11 months before Election Day, more than half of state legislative elections may have already been decided.
Of the 158 House and Senate races in 2016, 81 currently have only one candidate. University of Illinois Springfield political science professor Kent Redfield says that’s the goal of the current redistricting process controlled by whatever party is in power.
“When you’re drawing partisan maps, drawing maps to create partisan advantage, you’re trying to minimize competition,” Redfield said. “You want to create really, really safe districts for the opposition party or you want to take pockets of support and fragment them.”
Redfield says the percentage of uncontested elections has grown, especially since the last legislative map was put into effect in 2012.
In the House, 31 of the 71 seats held by Democrats currently face no opposition in either the primary or general election. The same can be said for 27 of the 47 seats held by Republicans.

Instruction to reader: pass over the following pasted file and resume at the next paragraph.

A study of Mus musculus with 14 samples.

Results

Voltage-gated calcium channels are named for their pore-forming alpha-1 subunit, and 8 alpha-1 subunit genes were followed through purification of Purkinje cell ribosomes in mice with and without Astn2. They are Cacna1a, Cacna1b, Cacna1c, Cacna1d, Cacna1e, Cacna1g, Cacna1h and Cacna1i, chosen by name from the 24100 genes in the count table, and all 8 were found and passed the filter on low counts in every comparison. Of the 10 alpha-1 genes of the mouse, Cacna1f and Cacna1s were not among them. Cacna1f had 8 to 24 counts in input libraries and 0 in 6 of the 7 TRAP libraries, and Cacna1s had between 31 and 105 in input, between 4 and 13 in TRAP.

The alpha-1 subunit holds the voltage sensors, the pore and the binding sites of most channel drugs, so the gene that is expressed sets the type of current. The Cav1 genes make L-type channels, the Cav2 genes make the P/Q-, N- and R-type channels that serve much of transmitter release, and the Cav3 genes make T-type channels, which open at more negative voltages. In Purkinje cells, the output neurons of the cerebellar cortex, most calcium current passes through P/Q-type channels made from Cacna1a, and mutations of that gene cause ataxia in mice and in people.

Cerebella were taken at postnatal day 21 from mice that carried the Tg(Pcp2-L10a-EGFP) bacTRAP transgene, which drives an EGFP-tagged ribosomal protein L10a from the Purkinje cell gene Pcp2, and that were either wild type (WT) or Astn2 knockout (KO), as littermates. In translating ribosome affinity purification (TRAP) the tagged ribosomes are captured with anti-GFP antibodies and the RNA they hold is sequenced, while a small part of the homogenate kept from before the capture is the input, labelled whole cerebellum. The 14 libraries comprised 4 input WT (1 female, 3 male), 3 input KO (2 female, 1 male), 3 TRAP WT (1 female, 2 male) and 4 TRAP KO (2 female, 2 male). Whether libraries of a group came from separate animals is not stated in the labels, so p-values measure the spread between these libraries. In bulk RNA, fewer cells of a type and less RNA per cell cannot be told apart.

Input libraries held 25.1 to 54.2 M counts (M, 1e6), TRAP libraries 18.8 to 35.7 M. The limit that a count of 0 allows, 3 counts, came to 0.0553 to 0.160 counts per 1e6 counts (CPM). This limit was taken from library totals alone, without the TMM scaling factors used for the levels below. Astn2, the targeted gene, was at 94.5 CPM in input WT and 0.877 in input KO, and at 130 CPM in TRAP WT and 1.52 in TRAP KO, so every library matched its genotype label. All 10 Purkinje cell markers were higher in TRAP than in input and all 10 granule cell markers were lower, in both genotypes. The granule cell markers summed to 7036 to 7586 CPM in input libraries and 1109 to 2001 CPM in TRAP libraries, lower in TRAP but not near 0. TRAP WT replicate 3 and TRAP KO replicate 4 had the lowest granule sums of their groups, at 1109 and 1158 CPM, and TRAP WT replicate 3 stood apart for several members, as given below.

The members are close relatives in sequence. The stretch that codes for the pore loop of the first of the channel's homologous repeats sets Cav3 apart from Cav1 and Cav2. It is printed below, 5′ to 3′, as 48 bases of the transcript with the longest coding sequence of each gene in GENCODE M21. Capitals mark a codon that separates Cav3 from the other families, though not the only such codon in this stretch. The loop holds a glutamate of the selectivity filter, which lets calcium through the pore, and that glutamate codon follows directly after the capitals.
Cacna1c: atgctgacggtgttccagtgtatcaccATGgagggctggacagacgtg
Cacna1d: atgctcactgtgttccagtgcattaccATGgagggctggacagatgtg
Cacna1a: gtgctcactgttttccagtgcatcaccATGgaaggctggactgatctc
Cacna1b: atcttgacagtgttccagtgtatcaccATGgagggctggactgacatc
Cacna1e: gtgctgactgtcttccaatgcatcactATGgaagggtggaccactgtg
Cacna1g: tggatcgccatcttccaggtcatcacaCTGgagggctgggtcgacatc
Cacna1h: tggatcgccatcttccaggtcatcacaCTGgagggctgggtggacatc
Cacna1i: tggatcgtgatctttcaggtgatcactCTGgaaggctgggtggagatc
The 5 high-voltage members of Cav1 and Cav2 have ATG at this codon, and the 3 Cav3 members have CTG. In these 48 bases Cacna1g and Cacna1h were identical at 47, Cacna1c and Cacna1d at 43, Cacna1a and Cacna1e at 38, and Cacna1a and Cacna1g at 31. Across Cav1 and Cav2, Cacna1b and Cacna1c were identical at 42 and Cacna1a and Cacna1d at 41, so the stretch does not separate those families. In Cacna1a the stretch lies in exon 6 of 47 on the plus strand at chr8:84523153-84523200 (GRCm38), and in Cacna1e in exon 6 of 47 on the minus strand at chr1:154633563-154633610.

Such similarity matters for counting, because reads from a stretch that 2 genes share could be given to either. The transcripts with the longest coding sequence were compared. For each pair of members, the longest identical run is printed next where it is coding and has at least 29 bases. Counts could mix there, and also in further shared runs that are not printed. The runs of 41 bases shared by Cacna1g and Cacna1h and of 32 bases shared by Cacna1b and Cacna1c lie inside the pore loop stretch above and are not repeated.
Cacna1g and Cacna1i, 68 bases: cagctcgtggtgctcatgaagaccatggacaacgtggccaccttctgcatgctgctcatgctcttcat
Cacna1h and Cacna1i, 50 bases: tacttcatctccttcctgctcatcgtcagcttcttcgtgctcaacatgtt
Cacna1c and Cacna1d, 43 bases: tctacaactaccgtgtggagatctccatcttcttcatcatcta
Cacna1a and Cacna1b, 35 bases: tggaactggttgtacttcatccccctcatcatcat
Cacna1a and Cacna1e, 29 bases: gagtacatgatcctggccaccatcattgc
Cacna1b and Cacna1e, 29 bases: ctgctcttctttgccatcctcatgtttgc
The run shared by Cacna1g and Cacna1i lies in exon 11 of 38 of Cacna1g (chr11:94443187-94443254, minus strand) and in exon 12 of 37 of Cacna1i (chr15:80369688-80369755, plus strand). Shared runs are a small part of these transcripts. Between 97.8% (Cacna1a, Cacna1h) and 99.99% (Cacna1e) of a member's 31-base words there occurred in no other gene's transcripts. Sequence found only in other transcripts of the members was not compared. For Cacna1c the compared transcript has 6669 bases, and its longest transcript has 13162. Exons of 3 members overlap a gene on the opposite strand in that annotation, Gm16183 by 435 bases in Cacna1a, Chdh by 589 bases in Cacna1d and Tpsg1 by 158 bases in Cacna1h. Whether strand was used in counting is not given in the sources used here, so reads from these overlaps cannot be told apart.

In the Senate, 16 of the 27 Democratic seats on next year’s ballot are currently uncontested, along with 6 of the 13 Republican-held spots for 2016. Those figures count the seat held by retiring State Sen. John Sullivan (D-Rushville) in the Democratic column, even though former GOP State Rep. Jil Tracy is the only candidate running to replace him.
It’s possible some of these 81 uncontested candidates will pick up a general election opponent if local party organizations appoint someone to the ballot, but Redfield says most will not.
“Most of the time, there’s a good reason why there isn’t somebody running in a partisan primary from a particular district, and that’s because it’s an overwhelmingly Democratic or Republican district,” Redfield said. “It’s basically a suicide mission or taking one for the team if you get on the ballot in those circumstances.”
While uncontested elections are used to support the cause of redistricting reform, Redfield cautions that changing how districts are drawn isn’t a “magic bullet” solution to create statewide competition everywhere. For example, he argues it’d be hard for Republicans to win almost any race within the city of Chicago.